Â A Day at the Races
There is nothing quite like the smell of aircraft fuel, super-heated tire compounds, popcorn and hot dogs all mixed up into one giant aroma that can only mean one thing. It’s race day, and I am in heaven!
An up front confession – I was a racing whore.Â As a young man I was fortunate enough to connect with a fledgling race team, backed by an awful lot of money, that eventually rose to become a significant player in the Sports Car Club of America (SCCA) Trans-Am racing series.Â And my involvement?Â Eager to be around racing and race cars at almost any price, I volunteered a great deal of my time to the long, tedious hours of work that go into producing and maintaining championship race cars.Â In exchange for my services, the owner of the racing team provided me with airfare, lodging and meals so that I couldÂ be a part of the pit crew as the teamÂ participated in the Trans-Am racing series around the country.Â This was pretty heady stuff for a teenager, and I soon grew addicted to the sport of auto racing.Â Eventually, like all good things, this came to an end as my life began to take other paths.
Later in life, while I wasÂ engaged as a computer/business consultant, I managed by chance to become involved in automobile racing once again.Â This time my position with the race team was a more respectful one.Â Now I was working in the capacity of an independent contractor, and actually received substantial pecuniary renumeration for my efforts.Â The type of racing which I was involved with had changed as well.Â Now I had a chance to rub elbows with the “big boys” of the American racing scene at the time, the Championship Auto Racing Team (CART) racing series.Â For those unaware of the racing scene, CART was the sanctioning body for the Indianapolis 500 event, prior to the formation of the Indycar Racing League (IRL) by Tony George, the Indianapolis Motor Speedway owner.
My role with my client racing team was that of a database programmer.Â At this time in racing, radio telemetry systems were all the rage.Â Real-time monitoring in the pits of all vital automotive systems was being developed and advanced,Â and all of the majorÂ teams were involved in a race to see who could perfect their systems first. Telemetry systems proved to be an important factor in winning the races in the CART racing series.Â The team I worked for, Arciero and Sons, wanted to extend the usefulness of the data that was being transmitted in real-time from the car to the technicians in the pits.Â And that is where I came into the picture.Â My role was fairly simple; capture the data stream as it was received in the pits, creating a database of the various data parameters.Â The database could then be used in various ways after the race had ended.Â The biggest benefit from this new addition to telemetry systems was in the postmortem failure analysis that occurred when things went wrong on the track.Â The team engineers could sift through the recorded data, performing various analytical techniques to try to isolate probable causes of the race cars’ failure.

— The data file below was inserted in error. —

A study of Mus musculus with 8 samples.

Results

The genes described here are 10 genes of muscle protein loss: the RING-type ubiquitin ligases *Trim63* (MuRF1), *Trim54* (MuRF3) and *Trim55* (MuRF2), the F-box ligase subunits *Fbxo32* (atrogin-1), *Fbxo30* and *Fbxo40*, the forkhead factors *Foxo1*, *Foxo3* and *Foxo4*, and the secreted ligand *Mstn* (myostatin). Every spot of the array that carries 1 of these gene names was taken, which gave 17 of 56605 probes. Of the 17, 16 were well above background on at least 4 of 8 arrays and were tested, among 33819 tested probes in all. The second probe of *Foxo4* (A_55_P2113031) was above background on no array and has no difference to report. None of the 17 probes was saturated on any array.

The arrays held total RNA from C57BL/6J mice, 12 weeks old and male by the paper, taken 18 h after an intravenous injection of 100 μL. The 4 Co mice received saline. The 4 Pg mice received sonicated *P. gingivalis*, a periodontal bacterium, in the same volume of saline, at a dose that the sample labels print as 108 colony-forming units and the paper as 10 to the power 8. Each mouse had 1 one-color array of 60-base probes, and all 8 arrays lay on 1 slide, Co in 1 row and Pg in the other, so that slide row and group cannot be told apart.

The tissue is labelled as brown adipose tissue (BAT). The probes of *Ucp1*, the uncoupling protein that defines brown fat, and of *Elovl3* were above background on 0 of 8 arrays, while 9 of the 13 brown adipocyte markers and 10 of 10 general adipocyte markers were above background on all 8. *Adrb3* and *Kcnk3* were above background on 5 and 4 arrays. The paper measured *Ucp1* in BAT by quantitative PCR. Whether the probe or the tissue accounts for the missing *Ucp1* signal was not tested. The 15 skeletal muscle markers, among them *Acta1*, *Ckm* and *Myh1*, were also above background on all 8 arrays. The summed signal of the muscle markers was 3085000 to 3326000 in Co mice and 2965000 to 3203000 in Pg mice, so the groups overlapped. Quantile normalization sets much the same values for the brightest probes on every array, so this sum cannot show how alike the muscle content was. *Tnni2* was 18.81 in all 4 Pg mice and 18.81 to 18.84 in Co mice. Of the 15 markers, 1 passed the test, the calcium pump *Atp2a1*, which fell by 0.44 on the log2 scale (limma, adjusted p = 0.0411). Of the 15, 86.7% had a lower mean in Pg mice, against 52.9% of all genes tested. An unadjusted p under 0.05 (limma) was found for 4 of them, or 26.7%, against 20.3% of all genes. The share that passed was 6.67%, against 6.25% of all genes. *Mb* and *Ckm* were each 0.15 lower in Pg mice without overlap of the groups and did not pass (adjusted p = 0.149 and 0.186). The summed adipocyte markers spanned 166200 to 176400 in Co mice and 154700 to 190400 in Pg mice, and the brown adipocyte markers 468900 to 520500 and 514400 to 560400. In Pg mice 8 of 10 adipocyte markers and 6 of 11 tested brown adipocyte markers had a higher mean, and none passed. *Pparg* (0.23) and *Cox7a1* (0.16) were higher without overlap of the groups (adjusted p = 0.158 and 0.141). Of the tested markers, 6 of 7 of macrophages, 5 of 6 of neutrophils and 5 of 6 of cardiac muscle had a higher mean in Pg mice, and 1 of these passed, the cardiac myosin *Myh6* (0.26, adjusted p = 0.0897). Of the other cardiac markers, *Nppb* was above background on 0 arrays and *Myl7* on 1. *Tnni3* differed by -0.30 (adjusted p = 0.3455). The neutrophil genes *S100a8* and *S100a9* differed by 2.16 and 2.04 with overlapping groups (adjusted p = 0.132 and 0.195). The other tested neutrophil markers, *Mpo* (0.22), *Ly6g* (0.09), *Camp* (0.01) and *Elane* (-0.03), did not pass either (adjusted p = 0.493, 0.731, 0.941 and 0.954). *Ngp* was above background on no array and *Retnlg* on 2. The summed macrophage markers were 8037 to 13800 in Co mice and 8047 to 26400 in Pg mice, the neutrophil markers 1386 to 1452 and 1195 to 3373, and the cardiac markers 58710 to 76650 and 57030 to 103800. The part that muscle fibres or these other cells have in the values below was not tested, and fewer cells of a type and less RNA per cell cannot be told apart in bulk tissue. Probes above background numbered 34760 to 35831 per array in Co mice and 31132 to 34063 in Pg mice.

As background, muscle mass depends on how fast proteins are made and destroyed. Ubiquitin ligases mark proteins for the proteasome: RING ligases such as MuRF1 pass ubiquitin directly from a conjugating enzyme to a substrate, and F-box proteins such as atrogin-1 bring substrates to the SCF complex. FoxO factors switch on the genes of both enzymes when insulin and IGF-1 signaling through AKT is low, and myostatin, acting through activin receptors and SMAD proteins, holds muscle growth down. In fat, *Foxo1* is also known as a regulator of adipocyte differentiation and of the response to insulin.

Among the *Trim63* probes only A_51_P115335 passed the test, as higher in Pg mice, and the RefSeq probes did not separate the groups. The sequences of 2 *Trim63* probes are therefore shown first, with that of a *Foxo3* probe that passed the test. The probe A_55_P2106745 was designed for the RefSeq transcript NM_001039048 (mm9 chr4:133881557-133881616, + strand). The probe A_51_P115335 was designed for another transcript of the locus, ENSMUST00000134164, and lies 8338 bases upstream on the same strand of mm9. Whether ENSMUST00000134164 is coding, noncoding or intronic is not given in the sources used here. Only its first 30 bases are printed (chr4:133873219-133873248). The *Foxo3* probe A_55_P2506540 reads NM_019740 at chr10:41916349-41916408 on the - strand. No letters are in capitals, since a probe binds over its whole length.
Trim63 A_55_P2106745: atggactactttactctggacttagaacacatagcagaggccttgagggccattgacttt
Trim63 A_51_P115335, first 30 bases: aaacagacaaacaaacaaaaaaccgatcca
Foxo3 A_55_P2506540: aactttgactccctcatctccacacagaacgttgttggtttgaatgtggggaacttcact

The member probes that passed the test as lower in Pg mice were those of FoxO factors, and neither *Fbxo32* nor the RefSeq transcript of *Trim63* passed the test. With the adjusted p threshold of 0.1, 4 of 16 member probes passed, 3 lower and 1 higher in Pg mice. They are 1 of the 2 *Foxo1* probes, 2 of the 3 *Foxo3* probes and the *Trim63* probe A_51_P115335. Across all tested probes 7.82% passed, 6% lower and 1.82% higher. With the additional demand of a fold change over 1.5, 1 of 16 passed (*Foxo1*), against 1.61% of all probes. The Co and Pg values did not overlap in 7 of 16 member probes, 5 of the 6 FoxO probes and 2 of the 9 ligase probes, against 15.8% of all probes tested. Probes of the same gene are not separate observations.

The photo above shows two automotive engineers at work on the race car prior to the start of the Long Beach Grand Prix in Southern California.Â What they are doing here is checking, double-checking, and then triple-checking the telemetry sensors and transmitters vital to this new system (winning teams have a peculiar quirk, they like to triple-check everything).
As the engineers verify the proper functioning of the various automotive systems, they put the car back together in preparation for the race.
Here, a rival competitor’s crew member checks the air pressure in the tires that will be used at the first pit stop.Â Usually each team will assign one crew member with the responsibility of checking tire pressures every 15 minutes or so, to adjust for pressure changes resulting from changes in air temperature.Â It is an exacting process, and no detail goes unchecked (by winning teams, that is).
The excitement and tension begins to build amongst the folks involved in the racing effort.Â A lot of time, effort, and money have been allocated to the racing endeavor, and all are hopeful for the best results, but each racer knows that only one car will cross the finish line first.
When the race finally gets underway, thousands upon thousands of race fans gather and cheer along the teams that they favor.Â And once again, I get to savor the pungent, almost sickening-sweet aroma of aircraft fuel, super-heated tire compounds, popcorn and hot dogs.Â And I love every moment of it!